Dal Pescatore is the only kitchen Santini has ever worked in, making her ascension to the pinnacle of the restaurant game all the more extraordinary
Chatty, warm and utterly unassuming, it's hard to think of a person further removed from the caricature of the top flight chef than Nadia Santini. Dal Pescatore's regular presence on the list and status as one of the very best restaurants in Italy is partly down to Santini's sublime regional cooking but her easy, welcoming presence can be felt in the dining room too and has contributed immeasurably to this family-run success.
Born in San Pietro Mussolino in the Veneto region, Santini was an extremely bright student, studying food chemistry and latterly political science with sociology at the prestigious University of Milan, where she met future husband Antonio Santini. The couple married in 1974, soon returning to Antonio's parents' simple osteria alongside the river Oglio in Mantova, Lombardy, just south of Verona.
Under the careful tutelage of Teresa and Bruna, Antonio's grandmother and mother respectively, Santini learnt to cook traditional Mantuan cuisine: delicate handmade pasta dishes and home-cured meats and fish. Just like the magic that takes place in its wine cellar - a national treasure in its own right - Dal Pescatore's brilliance can largely be attributed to slow paced change. Over the next 20 years, Santini would develop her skills and gradually put her mark on the cuisine.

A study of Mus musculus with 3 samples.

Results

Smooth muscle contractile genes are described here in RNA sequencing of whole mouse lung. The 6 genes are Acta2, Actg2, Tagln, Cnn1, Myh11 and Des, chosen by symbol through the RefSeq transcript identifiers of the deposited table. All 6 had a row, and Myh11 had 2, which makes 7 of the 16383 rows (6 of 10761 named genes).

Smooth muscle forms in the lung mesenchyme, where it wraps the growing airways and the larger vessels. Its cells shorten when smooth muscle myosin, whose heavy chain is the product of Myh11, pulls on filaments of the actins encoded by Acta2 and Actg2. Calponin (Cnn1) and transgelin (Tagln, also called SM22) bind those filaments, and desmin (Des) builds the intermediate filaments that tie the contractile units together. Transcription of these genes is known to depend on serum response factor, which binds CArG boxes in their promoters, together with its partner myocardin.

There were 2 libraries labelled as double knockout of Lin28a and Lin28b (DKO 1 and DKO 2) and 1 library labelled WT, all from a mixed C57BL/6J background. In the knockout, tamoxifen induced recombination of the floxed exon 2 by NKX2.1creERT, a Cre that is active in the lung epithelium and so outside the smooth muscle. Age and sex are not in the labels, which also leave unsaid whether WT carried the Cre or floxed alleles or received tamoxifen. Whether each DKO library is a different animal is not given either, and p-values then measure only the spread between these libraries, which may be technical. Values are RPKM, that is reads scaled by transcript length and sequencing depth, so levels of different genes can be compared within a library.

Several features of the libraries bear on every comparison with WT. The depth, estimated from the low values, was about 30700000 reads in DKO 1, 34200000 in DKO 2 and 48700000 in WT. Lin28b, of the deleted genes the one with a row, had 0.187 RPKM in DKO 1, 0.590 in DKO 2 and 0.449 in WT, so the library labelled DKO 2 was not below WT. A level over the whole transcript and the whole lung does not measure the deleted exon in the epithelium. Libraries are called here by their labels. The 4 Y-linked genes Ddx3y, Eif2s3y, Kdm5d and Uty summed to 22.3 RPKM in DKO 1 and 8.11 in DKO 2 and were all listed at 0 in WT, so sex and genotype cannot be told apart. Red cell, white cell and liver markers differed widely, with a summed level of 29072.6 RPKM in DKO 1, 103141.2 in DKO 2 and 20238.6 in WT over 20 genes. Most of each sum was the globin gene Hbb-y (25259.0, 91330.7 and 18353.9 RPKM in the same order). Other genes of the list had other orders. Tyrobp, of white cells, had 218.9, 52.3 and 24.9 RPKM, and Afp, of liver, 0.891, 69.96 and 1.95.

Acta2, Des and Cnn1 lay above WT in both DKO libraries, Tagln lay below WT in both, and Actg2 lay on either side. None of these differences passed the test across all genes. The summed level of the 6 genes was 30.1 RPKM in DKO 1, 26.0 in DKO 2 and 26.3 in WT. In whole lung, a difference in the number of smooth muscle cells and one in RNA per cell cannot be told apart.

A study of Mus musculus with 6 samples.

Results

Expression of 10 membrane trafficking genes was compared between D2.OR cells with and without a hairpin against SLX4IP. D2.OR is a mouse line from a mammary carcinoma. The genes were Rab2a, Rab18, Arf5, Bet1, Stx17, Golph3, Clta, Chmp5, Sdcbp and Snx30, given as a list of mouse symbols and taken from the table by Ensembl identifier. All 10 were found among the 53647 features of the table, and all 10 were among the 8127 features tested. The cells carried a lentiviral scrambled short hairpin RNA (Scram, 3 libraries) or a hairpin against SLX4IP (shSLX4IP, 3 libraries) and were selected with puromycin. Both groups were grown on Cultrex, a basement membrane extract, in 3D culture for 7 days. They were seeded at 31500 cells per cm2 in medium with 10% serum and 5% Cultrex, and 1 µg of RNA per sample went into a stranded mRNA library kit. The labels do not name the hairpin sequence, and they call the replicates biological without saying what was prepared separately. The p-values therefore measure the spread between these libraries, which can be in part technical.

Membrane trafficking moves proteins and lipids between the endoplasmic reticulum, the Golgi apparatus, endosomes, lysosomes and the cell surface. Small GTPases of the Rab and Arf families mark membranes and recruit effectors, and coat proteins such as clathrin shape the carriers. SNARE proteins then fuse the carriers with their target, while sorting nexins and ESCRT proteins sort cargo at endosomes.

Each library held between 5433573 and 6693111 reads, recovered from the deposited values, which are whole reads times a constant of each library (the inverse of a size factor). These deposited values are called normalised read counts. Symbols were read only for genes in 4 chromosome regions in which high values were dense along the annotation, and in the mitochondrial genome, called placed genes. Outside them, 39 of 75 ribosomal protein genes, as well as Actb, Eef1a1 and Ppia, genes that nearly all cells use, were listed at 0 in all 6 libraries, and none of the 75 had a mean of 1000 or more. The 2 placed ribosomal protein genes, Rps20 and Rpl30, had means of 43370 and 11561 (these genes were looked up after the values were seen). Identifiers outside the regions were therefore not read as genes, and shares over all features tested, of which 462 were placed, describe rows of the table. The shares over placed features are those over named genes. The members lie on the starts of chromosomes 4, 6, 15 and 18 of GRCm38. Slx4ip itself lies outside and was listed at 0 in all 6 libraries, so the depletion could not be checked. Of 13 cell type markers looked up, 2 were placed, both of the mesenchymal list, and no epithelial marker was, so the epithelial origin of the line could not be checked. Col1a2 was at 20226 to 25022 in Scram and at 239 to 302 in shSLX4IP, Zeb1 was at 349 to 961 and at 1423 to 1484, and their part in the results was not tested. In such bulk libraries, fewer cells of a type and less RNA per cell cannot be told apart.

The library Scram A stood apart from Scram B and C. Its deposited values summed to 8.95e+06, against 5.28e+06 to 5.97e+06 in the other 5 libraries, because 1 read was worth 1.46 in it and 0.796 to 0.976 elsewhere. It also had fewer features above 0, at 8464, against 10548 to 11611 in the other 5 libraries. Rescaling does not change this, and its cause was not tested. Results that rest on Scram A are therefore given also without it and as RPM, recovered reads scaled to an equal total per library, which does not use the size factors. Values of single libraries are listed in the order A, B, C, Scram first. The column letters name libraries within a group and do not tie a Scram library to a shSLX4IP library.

In 1996 she became the first female chef in Italy to earn three Michelin stars, a rating the restaurant has retained every year since. Dal Pescatore remains a family affair with Bruna - now 84 - still in the kitchen every day and Antonio deftly overseeing the dining room. The children have also followed their parents into the business. Eldest son Giovanni works is at his mother's side in the kitchen and second son Alberto works out front with his father and Giovanni's wife.
The fact that Dal Pescatore is the only kitchen Santini has ever worked in makes her ascension to the pinnacle of the restaurant game all the more extraordinary. Despite her background in food science, the cooking is not remotely high-tech - those that come expecting spherifications and espumas will be disappointed for Santini remains a stickler for tradition.
It's all rooted in what's good to eat but regular trips to top-end restaurants in France - Santini and her husband have a great contacts book as befits their industry status - have in some cases helped turn rustic dishes into works of art. Tortelli comes stuffed to bursting with a mixture of pumpkin, amaretto, Parmesan and mostarda while turbot arrives partnered with a respectably minimalistic garnish of parsley, anchovies and capers suspended in a delicate olive oil sauce. “The cuisine is refined but not changed,” she explains. “Dal Pescatore is an expression of the evolution of the food on our table and the surrounding environment.”
So not quite like nonna used to make, but still rooted in its locality. Largely thanks to Santini, the soul and quality of the food at this idyllic restaurant looks likely to be preserved for the next few generations at least.